A former Navy quarterback who was acquitted of rape and now faces expulsion from the Naval Academy took his case to Washington last week, urging members of Congress to support his attempts to graduate and become an officer.
Securing the free assistance of several people from lobbying giant Cassidy & Associates is the latest step for Lamar S. Owens Jr.'s supporters, a group that includes a growing number of academy alumni with a wide range of influence garnered from prominent careers in the public and private sectors.
In addition to flooding the Navy secretary's office with hundreds of letters backing Owens in recent months, academy graduates helped him procure a big-name defense lawyer and rallied to force the school's superintendent, Vice Adm. Rodney P. Rempt, to recuse himself from the post-trial phase of the court-martial.
The effort on behalf of Owens - one of two former midshipmen accused of sexual assault last year - has also spread to social networking Web sites, including a group on Facebook that now has 800 members.
"It's the greatest fraternity in the world," retired Vice Adm. Ed Straw said of Navy alumni, Despite what he described as a friendship with Rempt, Straw orchestrated the letter-writing of more than 100 alumni to Assistant Navy Secretary William Navas. "It's a strong network, and they take positions on lots of issues. I've talked to dozens of graduates about this case, and I haven't spoken to one who agrees with Rod Rempt's decision."
Owens' parents have begun to speak out about "injustices" they perceive in their son's treatment, such as his assignment to temporary duty at the Washington Navy Yard, for which he has received midshipman pay - slightly more than $5 an hour - since May. They are also reaching out to the leadership of the African Methodist Episcopal Church and the National Association for the Advancement of Colored People.
In her first interview since her son was charged with rape last year, his mother, Kimberly, said last week that her family is "outraged."
Speaking on behalf of the family, she said it wasn't fair for the academy to use its own administrative conduct system to expel her son after a jury acquitted him.
"Is that the American way? Is that our justice system?" she asked: "'If I can't get you one way, criminally, I'll get you in another one. I'll destroy you. I'll take everything from you, your diploma and your commission.'"
Kimberly Owens, a nurse in Savannah, Ga., said she still holds out hope that her son will graduate and receive a commission.
"My views have not changed," she said. "Lamar is still on track to be one of the finest naval officers the Naval Academy has graduated. I'm not straying from that. Because to me, that's who he is. ... Why should his life turn to the left when everybody else's life is going on?"
Owens was accused of raping a female midshipman in her dorm room on Jan. 29, 2006, after they had been out drinking. He was sentenced to "no punishment" after being found innocent of rape but guilty of two minor charges: conduct unbecoming an officer for having sex in the academy dorm and violating an order to stay away from his accuser.
The trial of the second midshipman, former backup linebacker Kenny Ray Morrison, continues tomorrow. He is accused of sexually assaulting two female Mids in separate incidents last year. His attorney has said the sex was consensual.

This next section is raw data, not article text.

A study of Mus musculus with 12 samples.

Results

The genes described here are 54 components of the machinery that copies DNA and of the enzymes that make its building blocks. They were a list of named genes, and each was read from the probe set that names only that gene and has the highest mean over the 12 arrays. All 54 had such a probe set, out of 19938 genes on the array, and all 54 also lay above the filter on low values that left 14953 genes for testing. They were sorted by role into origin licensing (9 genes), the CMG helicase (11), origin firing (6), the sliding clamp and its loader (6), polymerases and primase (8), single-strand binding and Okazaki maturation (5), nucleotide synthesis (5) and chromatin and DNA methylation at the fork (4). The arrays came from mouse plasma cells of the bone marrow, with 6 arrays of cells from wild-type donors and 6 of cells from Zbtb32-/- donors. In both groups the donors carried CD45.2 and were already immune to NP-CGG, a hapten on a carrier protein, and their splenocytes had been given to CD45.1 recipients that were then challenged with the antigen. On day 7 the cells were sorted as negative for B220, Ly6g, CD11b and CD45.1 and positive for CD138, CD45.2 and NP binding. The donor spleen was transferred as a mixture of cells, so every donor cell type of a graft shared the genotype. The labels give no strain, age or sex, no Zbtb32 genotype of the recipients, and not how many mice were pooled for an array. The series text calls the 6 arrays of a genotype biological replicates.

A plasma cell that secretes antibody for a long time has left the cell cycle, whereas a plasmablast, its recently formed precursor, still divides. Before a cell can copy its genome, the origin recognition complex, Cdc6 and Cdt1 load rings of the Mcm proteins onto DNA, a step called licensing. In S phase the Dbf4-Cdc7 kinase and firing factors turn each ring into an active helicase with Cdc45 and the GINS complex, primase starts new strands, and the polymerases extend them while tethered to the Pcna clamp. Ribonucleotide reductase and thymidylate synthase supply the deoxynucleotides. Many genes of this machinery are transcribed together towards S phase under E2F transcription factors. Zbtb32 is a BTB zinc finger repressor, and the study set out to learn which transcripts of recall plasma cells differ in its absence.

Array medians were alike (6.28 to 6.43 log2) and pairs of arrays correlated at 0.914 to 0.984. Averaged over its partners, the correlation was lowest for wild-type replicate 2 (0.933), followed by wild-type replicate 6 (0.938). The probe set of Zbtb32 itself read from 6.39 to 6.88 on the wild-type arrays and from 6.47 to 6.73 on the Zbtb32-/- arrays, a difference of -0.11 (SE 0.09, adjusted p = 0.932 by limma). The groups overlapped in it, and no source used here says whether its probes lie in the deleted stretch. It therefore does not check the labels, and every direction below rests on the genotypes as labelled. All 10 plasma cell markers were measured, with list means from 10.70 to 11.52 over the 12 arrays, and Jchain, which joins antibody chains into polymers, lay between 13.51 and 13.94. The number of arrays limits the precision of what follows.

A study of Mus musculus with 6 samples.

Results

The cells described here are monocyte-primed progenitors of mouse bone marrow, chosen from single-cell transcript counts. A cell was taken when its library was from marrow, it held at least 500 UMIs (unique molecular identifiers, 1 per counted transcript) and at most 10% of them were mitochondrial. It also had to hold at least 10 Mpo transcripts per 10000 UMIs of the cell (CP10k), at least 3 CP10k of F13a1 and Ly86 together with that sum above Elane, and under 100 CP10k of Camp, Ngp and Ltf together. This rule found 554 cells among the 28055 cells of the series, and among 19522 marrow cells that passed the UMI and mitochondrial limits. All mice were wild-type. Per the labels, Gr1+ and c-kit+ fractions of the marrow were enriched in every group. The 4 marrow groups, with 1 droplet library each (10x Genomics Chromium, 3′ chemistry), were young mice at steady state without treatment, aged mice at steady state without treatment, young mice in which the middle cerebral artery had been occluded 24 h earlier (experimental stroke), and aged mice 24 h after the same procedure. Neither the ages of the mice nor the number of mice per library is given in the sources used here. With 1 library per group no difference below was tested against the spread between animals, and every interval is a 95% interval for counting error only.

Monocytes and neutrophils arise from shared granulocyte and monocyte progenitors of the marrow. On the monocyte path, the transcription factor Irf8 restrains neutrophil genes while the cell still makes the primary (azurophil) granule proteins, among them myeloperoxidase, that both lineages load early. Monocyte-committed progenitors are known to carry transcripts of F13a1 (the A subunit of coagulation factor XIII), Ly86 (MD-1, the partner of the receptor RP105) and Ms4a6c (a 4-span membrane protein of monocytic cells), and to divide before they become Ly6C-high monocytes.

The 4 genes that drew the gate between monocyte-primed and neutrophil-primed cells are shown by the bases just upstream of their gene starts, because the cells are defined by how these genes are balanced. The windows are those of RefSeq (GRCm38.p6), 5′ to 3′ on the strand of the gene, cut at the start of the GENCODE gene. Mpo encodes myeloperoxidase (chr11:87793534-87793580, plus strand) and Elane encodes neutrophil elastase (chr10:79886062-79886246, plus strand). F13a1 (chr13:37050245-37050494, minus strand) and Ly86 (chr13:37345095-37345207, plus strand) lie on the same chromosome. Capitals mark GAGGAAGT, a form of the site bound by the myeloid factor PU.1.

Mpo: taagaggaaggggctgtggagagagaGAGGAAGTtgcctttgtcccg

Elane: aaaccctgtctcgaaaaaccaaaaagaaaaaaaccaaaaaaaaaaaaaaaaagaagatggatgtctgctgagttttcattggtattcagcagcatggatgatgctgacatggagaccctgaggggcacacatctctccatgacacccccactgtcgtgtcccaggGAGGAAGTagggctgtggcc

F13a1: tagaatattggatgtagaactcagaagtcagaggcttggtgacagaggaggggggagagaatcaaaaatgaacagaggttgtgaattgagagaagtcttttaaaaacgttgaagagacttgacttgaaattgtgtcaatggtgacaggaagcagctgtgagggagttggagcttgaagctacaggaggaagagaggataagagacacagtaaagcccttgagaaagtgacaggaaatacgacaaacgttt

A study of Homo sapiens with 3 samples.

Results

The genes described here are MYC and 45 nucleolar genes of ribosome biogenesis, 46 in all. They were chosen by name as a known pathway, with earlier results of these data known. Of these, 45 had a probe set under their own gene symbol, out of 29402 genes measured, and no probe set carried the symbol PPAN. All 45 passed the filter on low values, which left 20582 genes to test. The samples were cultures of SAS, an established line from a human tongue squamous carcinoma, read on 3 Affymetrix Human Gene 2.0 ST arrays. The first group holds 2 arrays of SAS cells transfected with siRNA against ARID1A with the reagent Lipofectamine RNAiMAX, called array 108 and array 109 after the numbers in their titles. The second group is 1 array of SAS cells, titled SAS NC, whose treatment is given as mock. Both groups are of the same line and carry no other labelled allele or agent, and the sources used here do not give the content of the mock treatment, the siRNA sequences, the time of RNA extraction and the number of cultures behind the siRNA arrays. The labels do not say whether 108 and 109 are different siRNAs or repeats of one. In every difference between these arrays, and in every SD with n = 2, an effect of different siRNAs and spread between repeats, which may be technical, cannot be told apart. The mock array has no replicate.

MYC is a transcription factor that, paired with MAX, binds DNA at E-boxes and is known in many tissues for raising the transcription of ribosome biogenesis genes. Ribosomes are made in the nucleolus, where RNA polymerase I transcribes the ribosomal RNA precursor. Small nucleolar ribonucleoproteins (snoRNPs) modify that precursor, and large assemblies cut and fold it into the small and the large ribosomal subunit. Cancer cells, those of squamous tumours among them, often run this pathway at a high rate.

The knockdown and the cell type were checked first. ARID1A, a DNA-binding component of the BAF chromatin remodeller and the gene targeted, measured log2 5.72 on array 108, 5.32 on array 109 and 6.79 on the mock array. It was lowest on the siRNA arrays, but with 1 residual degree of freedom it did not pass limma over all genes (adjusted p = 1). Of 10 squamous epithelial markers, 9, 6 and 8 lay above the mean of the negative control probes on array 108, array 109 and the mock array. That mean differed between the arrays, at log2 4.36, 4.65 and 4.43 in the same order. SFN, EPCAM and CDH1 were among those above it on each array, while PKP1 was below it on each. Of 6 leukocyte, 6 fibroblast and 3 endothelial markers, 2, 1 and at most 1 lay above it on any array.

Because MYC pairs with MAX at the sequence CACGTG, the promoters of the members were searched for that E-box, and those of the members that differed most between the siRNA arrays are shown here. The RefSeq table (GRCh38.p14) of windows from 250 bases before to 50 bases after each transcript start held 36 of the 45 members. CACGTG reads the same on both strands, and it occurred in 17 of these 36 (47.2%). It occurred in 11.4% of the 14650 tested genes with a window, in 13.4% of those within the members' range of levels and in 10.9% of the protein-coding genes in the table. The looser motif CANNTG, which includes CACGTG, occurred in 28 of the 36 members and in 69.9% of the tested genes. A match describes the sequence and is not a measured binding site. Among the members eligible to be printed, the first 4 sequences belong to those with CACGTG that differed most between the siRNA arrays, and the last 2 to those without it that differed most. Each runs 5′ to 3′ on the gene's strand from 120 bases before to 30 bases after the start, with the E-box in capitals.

Sources familiar with Owens' case have said Rempt justified his recommendation to expel him by pointing to the two convictions, the alleged existence of pornography on Owens' computer, demerits accumulated at the academy and a poor "military aptitude" score during his final semester there, after rape charges had been brought against him.
In an effort to prevent his expulsion, Owens, his father, a family friend and a lobbyist visited the offices of the Georgia and Maryland congressional delegations Tuesday and Thursday.
Denny Vaughan, a 1963 Annapolis graduate and retired rear admiral who lobbies Congress on military issues for Cassidy, said that he and a co-worker are helping Owens on their own to gain critical support on the Hill.
Vaughan, a former colleague of Rempt's in the Pentagon, said he was baffled by everything he read and heard about the Owens case. After sitting down with the former standout football player and his family last month, he was "impressed with his demeanor and character," he said.
"I wanted to at least make sure that Lamar had the opportunity to get his story told to his own congressional delegation and let them make the decision themselves," he said. "This is this kid's whole life. It's extremely, extremely serious, and we need to make sure we get it right. For me, the reason I'm involved is that in the Navy family, we always believe in helping a shipmate."
One of the seven offices they visited was that of Rep. Jack Kingston, who represents Owens' hometown of Savannah.
Jeff Glenn, a military aide for the Georgia Republican, said the meeting went "very well."
"Congressman Kingston has been involved in Lamar's case since the beginning," Glenn said. "He's written two letters to [the Navy secretary], one in the fall and one this past week, wanting to reiterate this concern that this case comes to a fair and impartial resolution, both for Midshipman Owens and for the Navy."
While Kingston's letters do not ask for a specific outcome, both seem to lean in Owens' favor. The first letter, dated Aug. 21, asks the Navy secretary to consider that before the allegations, "Lamar's performance has been nothing less than exceptional."
The second, dated April 2, notes that while the minor court-martial convictions against Owens "are serious, they are normally handled administratively."
Sun reporter Matthew Hay Brown contributed to this article.